Pass This On by Kevin Tosca

 Giselle boarded the normal bus at the normal hour. The 201. It was crowded and she eased her way to the center of the aisle, as far back as she could go. The bus smelled like sweat and cabbage. It was noisy. She pushed the play button of her MP3 player and tried not to step on feet or touch shoulders.

When the bus stopped at the next stop, a man tapped her on the shoulder. She paused her music and he apologetically informed her that a man–he pointed to a huge, well-dressed man–had just stolen her phone. Giselle flipped off her backpack and rifled through the pocket where she kept her phone. She pushed her way to the driver.

Still at the bus stop, the huge, well-dressed man was standing and talking to someone on Giselle’s phone. She gathered her courage and tapped him on his shoulder.

“Just a minute,” the man said.

She stood there and waited and it was completely and utterly preposterous, her standing and waiting for this predator, this criminal, this lowlife—so she stared at his hands. They had slender fingers and well-trimmed, manicured nails. They had rings with colored stones on seven of these delicate fingers. Their caretaker finished his call.

“Now what is it you need from me, young lady?”

“That,” she said. “That’s my phone.”

The huge, well-dressed man held up and regarded the phone. “Yes, it is.”

“May I have it back?”

 “If you’ll allow me to give you a piece of advice,” he said, smiling, “you may. Will you? Will you allow me to do that?”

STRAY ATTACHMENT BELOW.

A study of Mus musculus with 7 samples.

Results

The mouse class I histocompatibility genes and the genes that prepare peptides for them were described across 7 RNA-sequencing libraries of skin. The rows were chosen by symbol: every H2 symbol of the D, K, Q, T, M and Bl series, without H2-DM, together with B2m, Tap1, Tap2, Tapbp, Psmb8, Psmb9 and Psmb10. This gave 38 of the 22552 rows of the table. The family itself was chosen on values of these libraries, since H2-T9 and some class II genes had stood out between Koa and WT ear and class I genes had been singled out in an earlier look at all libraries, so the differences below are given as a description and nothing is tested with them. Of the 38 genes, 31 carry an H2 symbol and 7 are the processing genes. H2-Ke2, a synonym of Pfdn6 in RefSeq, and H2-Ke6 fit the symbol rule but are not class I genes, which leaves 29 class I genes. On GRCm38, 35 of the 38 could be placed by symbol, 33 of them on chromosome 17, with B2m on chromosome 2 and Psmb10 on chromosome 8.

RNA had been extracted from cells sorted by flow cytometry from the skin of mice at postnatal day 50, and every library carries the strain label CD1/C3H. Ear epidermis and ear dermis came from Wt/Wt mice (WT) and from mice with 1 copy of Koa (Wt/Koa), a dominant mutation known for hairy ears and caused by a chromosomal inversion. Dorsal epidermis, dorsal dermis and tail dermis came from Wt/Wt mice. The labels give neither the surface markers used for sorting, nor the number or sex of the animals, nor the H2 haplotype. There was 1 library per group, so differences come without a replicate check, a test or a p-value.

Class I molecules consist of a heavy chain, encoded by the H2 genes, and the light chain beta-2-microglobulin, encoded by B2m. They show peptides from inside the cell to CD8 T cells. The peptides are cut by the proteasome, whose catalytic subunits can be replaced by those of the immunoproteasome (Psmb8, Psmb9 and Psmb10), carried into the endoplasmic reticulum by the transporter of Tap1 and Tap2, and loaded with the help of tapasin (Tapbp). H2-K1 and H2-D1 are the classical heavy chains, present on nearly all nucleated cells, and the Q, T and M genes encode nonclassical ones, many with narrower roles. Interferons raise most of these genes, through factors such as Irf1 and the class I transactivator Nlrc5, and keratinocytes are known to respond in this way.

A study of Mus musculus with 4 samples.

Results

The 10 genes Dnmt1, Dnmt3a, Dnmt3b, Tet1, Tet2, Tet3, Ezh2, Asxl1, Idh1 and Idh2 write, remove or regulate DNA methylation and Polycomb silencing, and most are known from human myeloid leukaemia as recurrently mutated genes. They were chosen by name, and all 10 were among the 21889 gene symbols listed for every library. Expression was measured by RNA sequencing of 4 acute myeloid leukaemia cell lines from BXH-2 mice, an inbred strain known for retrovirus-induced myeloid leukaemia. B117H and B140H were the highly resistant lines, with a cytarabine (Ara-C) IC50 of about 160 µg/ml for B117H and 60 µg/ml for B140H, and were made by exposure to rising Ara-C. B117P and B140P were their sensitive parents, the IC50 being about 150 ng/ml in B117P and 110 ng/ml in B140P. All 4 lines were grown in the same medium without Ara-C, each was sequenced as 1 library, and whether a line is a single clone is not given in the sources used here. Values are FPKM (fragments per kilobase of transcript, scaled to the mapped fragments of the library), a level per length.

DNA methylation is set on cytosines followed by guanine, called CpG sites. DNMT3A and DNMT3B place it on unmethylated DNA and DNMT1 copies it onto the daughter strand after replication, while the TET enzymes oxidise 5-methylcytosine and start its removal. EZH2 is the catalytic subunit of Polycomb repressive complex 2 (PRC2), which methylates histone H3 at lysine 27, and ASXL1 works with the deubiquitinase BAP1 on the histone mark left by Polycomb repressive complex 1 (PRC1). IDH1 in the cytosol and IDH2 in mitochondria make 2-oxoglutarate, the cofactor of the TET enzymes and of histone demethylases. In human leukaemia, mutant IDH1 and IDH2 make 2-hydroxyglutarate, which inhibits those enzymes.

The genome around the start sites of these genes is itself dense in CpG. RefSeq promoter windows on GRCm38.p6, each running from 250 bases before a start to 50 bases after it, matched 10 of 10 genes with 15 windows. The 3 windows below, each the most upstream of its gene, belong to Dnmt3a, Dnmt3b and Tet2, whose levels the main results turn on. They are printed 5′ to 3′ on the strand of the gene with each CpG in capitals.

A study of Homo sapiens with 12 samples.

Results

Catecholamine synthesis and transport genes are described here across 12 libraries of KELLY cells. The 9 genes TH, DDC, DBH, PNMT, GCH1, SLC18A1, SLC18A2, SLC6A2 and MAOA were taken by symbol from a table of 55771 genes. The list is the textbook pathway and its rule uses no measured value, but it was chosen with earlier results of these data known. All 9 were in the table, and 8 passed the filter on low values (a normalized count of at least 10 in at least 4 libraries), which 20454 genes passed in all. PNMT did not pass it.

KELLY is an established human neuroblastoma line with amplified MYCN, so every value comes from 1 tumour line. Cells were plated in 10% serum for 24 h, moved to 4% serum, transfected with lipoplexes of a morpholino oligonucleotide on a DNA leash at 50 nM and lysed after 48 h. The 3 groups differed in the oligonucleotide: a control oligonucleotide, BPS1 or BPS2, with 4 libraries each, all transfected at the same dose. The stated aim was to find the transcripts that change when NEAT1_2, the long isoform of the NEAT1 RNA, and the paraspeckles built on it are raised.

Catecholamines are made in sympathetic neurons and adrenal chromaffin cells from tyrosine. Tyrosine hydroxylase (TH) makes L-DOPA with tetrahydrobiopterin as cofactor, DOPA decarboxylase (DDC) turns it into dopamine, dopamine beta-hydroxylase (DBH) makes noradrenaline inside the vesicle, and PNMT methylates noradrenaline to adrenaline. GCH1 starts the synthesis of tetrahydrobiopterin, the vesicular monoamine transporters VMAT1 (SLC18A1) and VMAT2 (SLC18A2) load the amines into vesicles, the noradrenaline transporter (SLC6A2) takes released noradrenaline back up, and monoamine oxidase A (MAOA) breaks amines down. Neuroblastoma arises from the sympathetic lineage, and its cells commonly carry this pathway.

“Yes.”

 “Start paying attention,” he said, handing over the phone, his smile becoming knife, becoming blade and blood, “and stop making it all so fucking easy.”

 “Thank you,” Giselle said, though when she thought about it later, she wished she hadn’t.

In the days and weeks and months and years that followed, she often saw the huge, well-dressed man on the street or riding the bus with her. The 201. He would nod his head and smile, and she would nod back but never smile. He really had done her a favour, but she kept their relationship there, wordless and distant and cold, and she didn’t watch him carefully, not even when she wanted to, because she never wanted to feel those feelings of violation and vulnerability and innocence, nor see whose shoulder she might have to tap next.

Kevin Tosca lives in Paris. He and his work can be found here and on Facebook.